I was reminded once again of Africa’s rich literary tradition when I recently read…Americanah.
Though much of the novel is set in the United States, Chimamanda Ngozi Adichie’s 2013 book tells a story that starts and ends in Nigeria. And the author splits her time between Nigeria (where she was born in 1977) and the U.S.
Americanah stars Ifemelu — who comes to the U.S. to study, becomes a widely read blogger on race after working in a variety of more-menial jobs, and gets into diverse romantic relationships even as she remains drawn to Nigeria and her former lover there (Obinze). So we get a fascinating look at Nigerian society (its culture, class divisions, etc.) through the eyes of someone from that nation as well as a fascinating look at American society (its culture, racism, etc.) from that same character — who’s initially a total outsider in the U.S. and rarely feels truly comfortable even after more than a decade in Pennsylvania, Maryland, Connecticut, and New Jersey.
Among Adichie’s other novels are Half of a Yellow Sun (2006), a compelling chronicle of how various characters are affected by Nigeria’s 1967-70 civil war.
Obinze’s daughter in Americanah is named Buchi — possibly a nod to renowned Nigerian writer Buchi Emecheta (1944-2017), who moved to the United Kingdom in her late teens. Emecheta’s excellent second novel is the semi-autobiographical Second Class Citizen, about a young woman who relocates to the UK and deals with a difficult marriage, exhausting parenthood, racism, and sexism as she tries to become a writer.
Adichie’s inspirations included Chinua Achebe (1930-2013) and his classic 1958 novel Things Fall Apart, which chronicles pre-colonial life and the arrival of Europeans in Nigeria.
Another renowned Nigerian writer is 1934-born Wole Soyinka, recipient of the 1986 Nobel Prize in Literature. Soyinka has written many more plays and poems than novels, but his The Interpreters (1964) is a memorable book starring five middle-class characters who live and work in early-1960s Lagos.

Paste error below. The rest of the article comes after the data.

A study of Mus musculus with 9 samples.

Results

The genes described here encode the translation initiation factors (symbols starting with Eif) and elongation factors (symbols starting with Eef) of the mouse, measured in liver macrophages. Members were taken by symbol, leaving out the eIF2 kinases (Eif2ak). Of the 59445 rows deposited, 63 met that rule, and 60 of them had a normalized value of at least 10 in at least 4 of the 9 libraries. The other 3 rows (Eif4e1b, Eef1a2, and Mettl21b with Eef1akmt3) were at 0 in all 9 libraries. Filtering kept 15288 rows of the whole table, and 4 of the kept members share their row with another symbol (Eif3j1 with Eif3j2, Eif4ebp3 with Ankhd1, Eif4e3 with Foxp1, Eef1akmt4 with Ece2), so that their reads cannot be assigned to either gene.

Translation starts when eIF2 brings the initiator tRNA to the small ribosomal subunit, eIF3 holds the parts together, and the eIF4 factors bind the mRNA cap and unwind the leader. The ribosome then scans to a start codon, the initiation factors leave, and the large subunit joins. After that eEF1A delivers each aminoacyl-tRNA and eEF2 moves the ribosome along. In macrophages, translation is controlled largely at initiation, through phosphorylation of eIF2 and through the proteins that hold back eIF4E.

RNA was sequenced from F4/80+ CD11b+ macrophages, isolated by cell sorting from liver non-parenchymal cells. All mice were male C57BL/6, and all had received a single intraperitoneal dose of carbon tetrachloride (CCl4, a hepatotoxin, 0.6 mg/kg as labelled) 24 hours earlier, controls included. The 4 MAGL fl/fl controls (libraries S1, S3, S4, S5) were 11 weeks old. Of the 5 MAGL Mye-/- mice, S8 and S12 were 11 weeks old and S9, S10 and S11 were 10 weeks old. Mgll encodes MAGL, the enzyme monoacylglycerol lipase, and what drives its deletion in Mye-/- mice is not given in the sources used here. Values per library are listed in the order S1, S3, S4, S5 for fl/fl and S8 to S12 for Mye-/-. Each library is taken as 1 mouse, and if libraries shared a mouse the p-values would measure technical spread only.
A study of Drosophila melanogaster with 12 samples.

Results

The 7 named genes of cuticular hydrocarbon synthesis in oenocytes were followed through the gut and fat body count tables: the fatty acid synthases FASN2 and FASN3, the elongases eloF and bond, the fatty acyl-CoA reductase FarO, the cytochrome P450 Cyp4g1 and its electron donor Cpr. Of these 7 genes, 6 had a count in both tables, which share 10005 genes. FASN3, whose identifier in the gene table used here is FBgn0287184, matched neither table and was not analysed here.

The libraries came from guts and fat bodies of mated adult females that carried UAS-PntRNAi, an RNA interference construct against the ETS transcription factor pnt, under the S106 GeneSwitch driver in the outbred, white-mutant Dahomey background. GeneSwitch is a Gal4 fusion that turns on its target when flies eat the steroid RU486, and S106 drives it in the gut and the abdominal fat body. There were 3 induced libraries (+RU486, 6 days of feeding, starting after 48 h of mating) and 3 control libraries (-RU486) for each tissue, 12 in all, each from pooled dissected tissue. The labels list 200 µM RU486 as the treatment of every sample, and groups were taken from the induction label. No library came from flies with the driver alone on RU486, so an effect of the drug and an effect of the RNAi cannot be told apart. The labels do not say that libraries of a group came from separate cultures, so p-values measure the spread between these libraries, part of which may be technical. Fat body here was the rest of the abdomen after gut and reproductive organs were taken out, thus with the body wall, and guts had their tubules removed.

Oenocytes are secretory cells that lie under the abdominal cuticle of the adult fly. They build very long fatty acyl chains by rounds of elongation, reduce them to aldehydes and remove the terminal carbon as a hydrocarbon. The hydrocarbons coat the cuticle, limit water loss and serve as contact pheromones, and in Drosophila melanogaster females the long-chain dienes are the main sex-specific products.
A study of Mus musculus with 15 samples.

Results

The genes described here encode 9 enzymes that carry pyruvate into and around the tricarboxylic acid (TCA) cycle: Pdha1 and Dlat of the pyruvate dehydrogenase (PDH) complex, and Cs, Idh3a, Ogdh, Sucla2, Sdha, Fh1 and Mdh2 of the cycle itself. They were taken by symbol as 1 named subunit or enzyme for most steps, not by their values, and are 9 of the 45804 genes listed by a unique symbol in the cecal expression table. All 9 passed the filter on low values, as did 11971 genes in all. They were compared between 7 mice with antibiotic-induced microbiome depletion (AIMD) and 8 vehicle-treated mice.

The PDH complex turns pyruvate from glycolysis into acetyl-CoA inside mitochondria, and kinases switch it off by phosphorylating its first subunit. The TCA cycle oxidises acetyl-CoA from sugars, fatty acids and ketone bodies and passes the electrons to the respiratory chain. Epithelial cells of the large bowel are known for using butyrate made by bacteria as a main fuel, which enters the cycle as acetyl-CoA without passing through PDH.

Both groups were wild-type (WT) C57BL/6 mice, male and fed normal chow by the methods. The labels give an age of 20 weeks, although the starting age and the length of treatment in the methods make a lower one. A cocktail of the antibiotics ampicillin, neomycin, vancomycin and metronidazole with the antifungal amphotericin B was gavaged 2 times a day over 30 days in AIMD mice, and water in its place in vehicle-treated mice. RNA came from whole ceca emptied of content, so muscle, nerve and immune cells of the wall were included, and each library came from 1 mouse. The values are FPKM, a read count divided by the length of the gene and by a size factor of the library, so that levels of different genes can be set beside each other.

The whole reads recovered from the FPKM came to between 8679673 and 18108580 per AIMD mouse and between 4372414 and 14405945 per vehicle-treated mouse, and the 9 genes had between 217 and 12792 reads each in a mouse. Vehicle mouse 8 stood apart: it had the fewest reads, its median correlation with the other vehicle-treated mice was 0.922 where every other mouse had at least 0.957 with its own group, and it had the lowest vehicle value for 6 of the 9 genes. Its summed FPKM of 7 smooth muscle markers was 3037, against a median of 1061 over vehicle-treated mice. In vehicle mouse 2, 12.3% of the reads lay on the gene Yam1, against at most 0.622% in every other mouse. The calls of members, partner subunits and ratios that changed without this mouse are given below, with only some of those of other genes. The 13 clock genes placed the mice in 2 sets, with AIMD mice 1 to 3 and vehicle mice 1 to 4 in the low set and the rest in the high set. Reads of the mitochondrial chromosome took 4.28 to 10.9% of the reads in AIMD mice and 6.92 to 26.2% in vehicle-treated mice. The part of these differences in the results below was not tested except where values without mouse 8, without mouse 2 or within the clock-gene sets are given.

Yes, all four writers mentioned so far are/were from Nigeria.
There are of course also native African novelists who are white — among them the 1991 Nobel-winning Nadine Gordimer (1923-2014) and Cry, the Beloved Country author Alan Paton (1903-1988). Both were South Africa residents with anti-apartheid views. I have not yet tried the work of 1940-born J.M. Coetzee of that same country; I’ve read every other author mentioned in this post.
Also, 2007 Nobel winner Doris Lessing (1919-2013) spent much of her early life in what’s now Zimbabwe before moving to England.
Non-African authors who wrote novels with African settings include — among others — 2008 Nobel winner J.M.G. Le Clezio, whose Desert is partly set in Morocco; Paul Bowles, whose The Sheltering Sky also has a North African milieu; Joseph Conrad, whose Heart of Darkness unfolds in what’s now the Democratic Republic of the Congo; and H. Rider Haggard, whose fantastical She takes place in “a lost African kingdom.”
Of course, a number of Africa-set novels by non-Africans suffer from some stereotyping and patronizing attitudes on the part of their writers.
Any authors and novels you’d like to mention that fit the theme of this post?
My literary-trivia book is described and can be purchased here: Fascinating Facts About Famous Fiction Authors and the Greatest Novels of All Time.
In addition to this weekly blog, I write the 2003-started, award-winning “Montclairvoyant” topical-humor column for Baristanet.com. The latest piece — which discusses topics such as the damage done by Tropical Storm Isaias — is here.